Talking Triggers: Why Certain Foods Cause Migraine

June 24, 2016

migraine food triggers

Food doesn’t cause migraine headache, but it can reduce your body’s threshold to fight one off, acting as a trigger. Up to ten percent of migraine suffers have migraines that are triggered by foods. Understanding why certain foods cause migraine can help you make good diet choices that can help you manage your migraines.

  • Aged and fermented cheeses – Picture your favorite cheese plate… brie, camembert, smoked gouda and enough crackers to get the whole thing down in a few bites. For many foodies, such a site is blissful, but for migraine sufferers, a cheese plate like this one might give you flashbacks to migraines that have kept you in bed for days. Aged and fermented cheeses like aged goat cheese, bleu cheese, brie, camembert, cantal, cheddar, edam, Emmental, feta, gorgonzola, gouda, gruyere, muenster, parmesan and Romano can be serious migraine triggers.  Ages ago, before refrigeration, cheeses had to be fermented so they could be kept at room temperature. Fermentation occurs when different types of bacteria are added during the cheese-making process. These bacteria, also called live cultures, eat the lactose in the cheese. In the aging process, two amino acids are produced in the cheese: tyramine and phenylethylamine. These are the same amino acids found in chocolate, another migraine trigger food.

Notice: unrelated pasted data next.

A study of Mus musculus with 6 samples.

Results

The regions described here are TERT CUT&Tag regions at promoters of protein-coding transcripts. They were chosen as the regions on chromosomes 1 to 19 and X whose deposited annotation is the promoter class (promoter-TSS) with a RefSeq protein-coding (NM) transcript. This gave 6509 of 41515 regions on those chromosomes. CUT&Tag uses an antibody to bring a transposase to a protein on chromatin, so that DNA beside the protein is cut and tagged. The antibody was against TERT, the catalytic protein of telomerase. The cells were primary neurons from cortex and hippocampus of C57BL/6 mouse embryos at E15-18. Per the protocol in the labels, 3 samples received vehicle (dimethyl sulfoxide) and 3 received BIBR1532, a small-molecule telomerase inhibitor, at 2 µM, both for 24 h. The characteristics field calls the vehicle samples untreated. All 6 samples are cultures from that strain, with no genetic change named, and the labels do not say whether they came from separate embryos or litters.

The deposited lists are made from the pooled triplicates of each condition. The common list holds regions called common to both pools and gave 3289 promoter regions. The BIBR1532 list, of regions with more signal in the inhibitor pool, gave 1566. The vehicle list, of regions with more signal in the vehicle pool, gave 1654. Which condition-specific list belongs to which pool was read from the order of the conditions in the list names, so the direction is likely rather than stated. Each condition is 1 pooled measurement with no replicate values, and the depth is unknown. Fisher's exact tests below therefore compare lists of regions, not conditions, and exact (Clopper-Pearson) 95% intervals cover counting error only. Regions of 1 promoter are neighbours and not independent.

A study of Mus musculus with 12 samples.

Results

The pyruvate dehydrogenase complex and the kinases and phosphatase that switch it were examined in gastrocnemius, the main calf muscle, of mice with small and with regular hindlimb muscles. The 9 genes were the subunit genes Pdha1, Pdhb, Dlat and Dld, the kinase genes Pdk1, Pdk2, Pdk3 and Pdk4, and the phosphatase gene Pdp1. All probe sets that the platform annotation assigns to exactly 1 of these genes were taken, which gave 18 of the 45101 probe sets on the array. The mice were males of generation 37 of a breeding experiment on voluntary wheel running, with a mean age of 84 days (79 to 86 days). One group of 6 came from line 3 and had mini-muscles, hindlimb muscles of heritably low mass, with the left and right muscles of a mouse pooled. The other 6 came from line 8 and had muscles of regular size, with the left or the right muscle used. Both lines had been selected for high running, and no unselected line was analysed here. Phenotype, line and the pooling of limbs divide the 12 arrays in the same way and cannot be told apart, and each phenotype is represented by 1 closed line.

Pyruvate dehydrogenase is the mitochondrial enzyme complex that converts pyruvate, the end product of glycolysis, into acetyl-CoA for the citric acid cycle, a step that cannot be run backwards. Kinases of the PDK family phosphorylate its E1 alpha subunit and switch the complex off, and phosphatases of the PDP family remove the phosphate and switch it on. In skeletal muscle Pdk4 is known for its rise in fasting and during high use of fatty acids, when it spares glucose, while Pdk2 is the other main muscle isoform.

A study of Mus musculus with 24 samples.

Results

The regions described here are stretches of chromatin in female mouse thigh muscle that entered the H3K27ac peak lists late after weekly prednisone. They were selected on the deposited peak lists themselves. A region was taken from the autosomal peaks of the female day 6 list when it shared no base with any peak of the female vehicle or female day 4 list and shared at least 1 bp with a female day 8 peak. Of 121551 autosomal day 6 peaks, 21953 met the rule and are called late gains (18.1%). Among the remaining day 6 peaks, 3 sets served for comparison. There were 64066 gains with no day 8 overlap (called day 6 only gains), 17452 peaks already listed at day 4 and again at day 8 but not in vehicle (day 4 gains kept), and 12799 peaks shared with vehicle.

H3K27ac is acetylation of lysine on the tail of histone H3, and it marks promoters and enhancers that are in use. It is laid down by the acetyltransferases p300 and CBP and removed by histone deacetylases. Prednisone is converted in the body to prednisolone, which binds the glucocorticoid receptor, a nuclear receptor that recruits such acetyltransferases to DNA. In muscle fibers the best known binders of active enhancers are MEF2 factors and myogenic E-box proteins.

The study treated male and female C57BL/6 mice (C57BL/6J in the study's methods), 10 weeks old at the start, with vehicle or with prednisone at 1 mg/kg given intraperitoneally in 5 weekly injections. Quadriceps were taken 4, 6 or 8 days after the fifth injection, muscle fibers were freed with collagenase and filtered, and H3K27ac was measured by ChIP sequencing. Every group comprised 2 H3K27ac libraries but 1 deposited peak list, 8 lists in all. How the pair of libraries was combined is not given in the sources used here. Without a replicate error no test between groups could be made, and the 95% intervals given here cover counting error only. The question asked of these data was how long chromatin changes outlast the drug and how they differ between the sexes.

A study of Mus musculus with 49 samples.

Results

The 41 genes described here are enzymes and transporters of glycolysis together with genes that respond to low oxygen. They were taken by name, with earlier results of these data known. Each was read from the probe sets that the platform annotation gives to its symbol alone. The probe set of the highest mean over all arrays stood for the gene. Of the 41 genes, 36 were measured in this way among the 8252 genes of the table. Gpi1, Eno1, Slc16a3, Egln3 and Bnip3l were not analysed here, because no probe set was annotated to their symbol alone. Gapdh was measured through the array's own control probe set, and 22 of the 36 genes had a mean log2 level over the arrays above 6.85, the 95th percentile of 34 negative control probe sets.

• Citrus – Citrus fruits can be hard to avoid, especially if you eat out often. Most restaurants use citrus liberally, from garnishing your ice water with a lemon to dusting your gourmet pancakes with orange zest. Even a small amount of citrus can trigger a migraine. Tyramine is also the amino acid in citrus that causes migraine. It is believed that foods high in tyramine stimulate your body to produce the hormone norepinephrine. Norepinephrine as a fight-or-flight hormone that is released during times of stress. It increases heart rate and blood flow and can lead to migraine headache.
  • Red Wine and Other Kinds of Alcohol Red wine has been responsible for many a headache, even in people who don’t suffer from migraine attacks. This grape juice for grownups also contains tyramine and phenylethylamine, but it contains a few additional ingredients that may compound their effects as well. These include histamines, sulphites, tannins, and phenols.

As many as one-third of migraine sufferers will tell you that red wine triggers a migraine. But red wine isn’t  the only bad guy – all types of alcohol can trigger migraine. Darker alcohols contain larger amounts of the offending ingredients like sulphites and tannins. Bourbon contains as much as 37 times more than vodka.